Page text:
Tarot, Geomancy, Astrology

The Fool


O – Aleph – Air – Ox

New Beginnings, Innocence, Faith, and Curiosity

The Fool is the first of the Major Arcana, and also some would argue the end. It corresponds to the Hebrew letter Aleph, one of the three mother letters. The letter Aleph is made up of two of the letter Yud, both separated and joined by a single Vav set diagonally. The two Yuds represent high (wet) water and low (cold) water, which in turn represent higher realms (Heaven) and lower realms (Earth). The Vav between them represents the place between the two realms, both dividing them and connecting them. This letter, then, represents the joining of higher and lower realms; the ascension of the lower and the descending of the higher. The Fool corresponds to this letter because he also represents this union of two worlds. He dwells in the lower world, and seeks to reach the higher world through gaining knowledge and experience. The Fool is on a quest; he has started a journey and is attempting to reach a higher level of understanding, thereby crossing the bridge between worlds, travelling from one Yud to the other through Vav. He seeks to become whole and complete, the union of Man and God.

The letter Aleph – and then, by extension, the card of the Fool – is also associated with the element of Air. He lives in a world of fantasy, sometimes heedless of the dangers before him on his quest (as can be seen in the Rider-Waite art, where he appears to be about to step off of a cliff, and ignores the yapping dog at his heels). He has grand dreams before him (see the flower in the Rider-Waite art) and idealized notions of what the world will be like; he starts out on his journey as being quite the actual fool, naive, easily led, and dreamy. He doesn’t know what he’s getting himself into. But, like the element of Air represents, he is a very thoughtful person, to whom reality has little concern, and who is instead concerned with fulfilling an abstract ideal, and discovering who he is himself.

Despite these airy connections, however, the letter Aleph also, in its original pictographic form represented an Ox; a very Earthy animal. So, this way, the Fool is both the beginning and the end, as the element of Earth represents new beginnings, which in turn imply old endings. The Ox is also a stubborn and strong animal; the Fool’s naivete will allow him to blissfully and stubbornly push onwards against all odds. He charts uncharted territory, and like the Ox, serves as a leader, opening the way for others to follow.

The Fool represents, in its simplest forms, new beginnings. He can represent the beginning of a journey, a quest for discovery, or of creation. The Thoth Fool better illustrates the Fool’s special connection with God, as pointed out by Aleph’s association as the Father letter, the first and most humble of the Hebrew alphabet, and the closest to God. In the Thoth art, the fool stands at the center of an outward spiraling of energy, indicating the infinite. He appears simultaneously as a man and as a divinity, from which energy emanates to fill the world. His creation is not the intentional and well-planned creation associated with the Magician, but rather creation done almost mindlessly and unintentionally, creating wondrous new beginnings without thinking much about its implications. He is innocent and has complete faith in the world; he does not even try to protect himself from it, as he cannot imagine that it will harm him. The Thoth art also shows a beast worrying at the leg of the fool, but he is so wrapped up on creating a new beginning for himself that he seems not to notice. He is surrounded by symbols of innocence, such as flowers, butterflies, and a dove, and the world forms itself only in the areas already touched by the energy emanating from him.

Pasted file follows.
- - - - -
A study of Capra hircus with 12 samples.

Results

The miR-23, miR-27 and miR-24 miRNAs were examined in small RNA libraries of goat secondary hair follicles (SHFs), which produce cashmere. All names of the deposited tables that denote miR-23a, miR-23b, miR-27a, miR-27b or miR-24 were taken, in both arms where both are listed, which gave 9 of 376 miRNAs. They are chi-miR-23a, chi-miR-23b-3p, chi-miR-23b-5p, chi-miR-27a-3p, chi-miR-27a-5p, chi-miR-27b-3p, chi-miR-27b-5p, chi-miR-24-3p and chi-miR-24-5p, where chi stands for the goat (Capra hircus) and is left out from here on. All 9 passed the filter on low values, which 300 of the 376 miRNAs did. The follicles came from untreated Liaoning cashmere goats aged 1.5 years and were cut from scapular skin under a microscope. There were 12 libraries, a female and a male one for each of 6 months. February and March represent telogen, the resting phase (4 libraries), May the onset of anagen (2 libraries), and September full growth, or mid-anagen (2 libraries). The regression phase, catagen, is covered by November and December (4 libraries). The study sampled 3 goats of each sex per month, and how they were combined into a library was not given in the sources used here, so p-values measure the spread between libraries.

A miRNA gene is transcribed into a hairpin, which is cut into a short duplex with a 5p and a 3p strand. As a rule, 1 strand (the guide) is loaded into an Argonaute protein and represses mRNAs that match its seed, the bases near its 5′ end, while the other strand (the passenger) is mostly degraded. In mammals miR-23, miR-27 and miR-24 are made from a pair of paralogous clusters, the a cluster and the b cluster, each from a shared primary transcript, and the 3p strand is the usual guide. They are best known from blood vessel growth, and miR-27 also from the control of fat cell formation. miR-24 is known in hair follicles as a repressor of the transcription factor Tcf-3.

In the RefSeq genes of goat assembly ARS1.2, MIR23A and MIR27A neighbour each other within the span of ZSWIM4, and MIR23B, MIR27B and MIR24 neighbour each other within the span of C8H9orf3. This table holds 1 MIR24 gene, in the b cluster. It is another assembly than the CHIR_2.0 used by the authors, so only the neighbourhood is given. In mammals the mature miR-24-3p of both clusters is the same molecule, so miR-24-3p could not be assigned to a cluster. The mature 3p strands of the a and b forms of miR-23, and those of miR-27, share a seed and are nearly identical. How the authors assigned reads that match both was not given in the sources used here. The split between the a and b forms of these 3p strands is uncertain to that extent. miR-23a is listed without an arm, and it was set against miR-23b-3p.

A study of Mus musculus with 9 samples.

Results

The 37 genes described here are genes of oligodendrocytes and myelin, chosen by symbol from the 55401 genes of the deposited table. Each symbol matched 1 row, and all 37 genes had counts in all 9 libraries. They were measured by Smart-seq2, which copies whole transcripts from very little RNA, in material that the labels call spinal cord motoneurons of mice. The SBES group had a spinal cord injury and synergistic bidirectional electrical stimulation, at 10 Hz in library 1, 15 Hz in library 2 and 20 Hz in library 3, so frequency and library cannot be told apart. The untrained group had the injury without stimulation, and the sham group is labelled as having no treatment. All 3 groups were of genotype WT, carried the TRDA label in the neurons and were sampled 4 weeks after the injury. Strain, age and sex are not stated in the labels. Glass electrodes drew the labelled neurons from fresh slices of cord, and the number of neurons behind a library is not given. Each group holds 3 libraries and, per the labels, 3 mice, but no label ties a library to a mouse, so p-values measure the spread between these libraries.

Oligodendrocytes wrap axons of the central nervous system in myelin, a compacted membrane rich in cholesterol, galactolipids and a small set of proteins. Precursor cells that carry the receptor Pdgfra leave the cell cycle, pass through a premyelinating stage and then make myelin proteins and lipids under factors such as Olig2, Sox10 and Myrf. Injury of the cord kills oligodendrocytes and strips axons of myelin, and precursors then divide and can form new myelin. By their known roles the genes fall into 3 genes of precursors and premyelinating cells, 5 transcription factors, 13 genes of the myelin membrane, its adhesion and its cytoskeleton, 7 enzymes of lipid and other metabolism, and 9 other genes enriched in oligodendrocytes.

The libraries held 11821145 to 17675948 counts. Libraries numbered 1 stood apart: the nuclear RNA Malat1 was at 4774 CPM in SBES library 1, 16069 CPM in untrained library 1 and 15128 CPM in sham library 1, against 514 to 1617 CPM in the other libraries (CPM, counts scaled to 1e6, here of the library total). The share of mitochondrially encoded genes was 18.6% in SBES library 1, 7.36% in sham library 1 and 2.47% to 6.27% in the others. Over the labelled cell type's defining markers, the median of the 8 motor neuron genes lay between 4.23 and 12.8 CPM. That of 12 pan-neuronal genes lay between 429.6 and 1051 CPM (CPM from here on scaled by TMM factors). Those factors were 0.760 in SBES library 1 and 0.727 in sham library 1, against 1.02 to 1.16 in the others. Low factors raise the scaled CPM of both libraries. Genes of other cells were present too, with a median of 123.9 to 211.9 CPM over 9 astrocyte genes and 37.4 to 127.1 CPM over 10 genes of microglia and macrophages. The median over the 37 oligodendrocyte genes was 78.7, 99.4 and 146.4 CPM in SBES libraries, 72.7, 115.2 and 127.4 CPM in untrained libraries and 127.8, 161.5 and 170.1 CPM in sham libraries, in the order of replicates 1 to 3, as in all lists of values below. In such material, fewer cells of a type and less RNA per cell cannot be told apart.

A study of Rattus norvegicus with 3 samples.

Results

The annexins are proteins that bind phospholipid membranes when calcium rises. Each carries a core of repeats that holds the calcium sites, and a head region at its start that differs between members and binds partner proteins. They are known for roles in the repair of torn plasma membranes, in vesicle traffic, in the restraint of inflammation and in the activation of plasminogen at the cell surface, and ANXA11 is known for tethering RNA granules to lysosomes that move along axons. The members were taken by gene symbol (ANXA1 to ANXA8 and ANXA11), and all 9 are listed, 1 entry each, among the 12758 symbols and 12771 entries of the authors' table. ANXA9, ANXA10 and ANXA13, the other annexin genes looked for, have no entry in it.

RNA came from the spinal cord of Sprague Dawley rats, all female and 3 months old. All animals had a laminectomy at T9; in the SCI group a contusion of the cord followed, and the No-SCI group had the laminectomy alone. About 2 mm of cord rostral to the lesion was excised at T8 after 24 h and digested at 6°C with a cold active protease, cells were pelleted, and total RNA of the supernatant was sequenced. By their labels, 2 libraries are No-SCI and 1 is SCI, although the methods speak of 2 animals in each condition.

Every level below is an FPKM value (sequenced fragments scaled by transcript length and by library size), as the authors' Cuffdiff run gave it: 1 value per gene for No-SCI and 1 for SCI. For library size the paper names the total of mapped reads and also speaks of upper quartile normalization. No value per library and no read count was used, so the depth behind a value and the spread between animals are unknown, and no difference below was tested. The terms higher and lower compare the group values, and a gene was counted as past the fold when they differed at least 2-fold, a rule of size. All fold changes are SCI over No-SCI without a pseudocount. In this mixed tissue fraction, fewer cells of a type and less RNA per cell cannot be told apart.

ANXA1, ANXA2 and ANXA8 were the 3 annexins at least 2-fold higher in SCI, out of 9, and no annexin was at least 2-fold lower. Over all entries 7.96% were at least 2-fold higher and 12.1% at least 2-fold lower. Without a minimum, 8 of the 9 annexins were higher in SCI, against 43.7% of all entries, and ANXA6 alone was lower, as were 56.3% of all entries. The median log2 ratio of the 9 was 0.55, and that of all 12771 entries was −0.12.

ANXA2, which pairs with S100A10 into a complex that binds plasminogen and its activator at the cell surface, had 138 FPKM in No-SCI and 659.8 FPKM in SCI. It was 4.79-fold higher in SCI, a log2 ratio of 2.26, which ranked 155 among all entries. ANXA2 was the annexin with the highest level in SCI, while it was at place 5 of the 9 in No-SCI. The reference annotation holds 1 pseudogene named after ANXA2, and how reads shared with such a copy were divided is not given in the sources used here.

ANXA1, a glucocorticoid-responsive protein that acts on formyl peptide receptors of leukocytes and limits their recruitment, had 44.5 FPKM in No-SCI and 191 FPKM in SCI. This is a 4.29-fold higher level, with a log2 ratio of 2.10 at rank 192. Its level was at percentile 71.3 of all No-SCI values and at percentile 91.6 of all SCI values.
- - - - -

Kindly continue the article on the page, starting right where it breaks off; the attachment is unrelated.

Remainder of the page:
The Fool is also curious, willing to set out and explore everything around him on a quest for knowledge. He may appear mad to some, but he himself knows what he is doing. He is a wanderer seeking to find himself, and has the potential to become someone great, and actively seeks to realize said potential. In this way, he is divinely inspired; he is the childlike god, possessing much power and not realizing it (think Haruhi Suzumiya here). He is the Man-God, incorporating elements of realms both divine and mortal.

In the tree of life, the Fool corresponds to the path between Kether (spiritual perfection and emanation) and Chokmah (first manifestation and pure harmony). He stands on the first path of the Sefirot, fitting his position as the first trump. He comes out of the creation of Kether and immediately takes action – such as is represented by Chokmah – to learn all he can. He is a student, and represents the energy of the suits as they pass through the Sefirot, and he himself experiences the effect of every card. He also can be seen as representing the querent or the human condition.

This card, then, symbolizes journeys of all kinds, innocence, new beginnings, potential, naivete, air-headedness, curiosity, faith in fate and the world – it will take care of you and itself – and a sort of mystical madness; the sort that comes from a man unwilling to admit defeat in his quest to reach a higher plane of understanding. In a reading, this card asks you to examine the roles that folly, naivete, and curiosity play in your life, and may advise you to look for a new start in your life, go on a journey or travel somewhere, and to just close your eyes and take the plunge, trusting that you’ll be okay. Reversed, this card’s energies are blocked or twisted somehow; perhaps your journey or new beginning will have to wait a while. It is very difficult to read this card as negative; the folly that this card represents is not ignorance (that’s the realm of the Devil), but rather that of choosing to ignore the troubles of the world, which in itself is a positive thing; this card is extremely optimistic.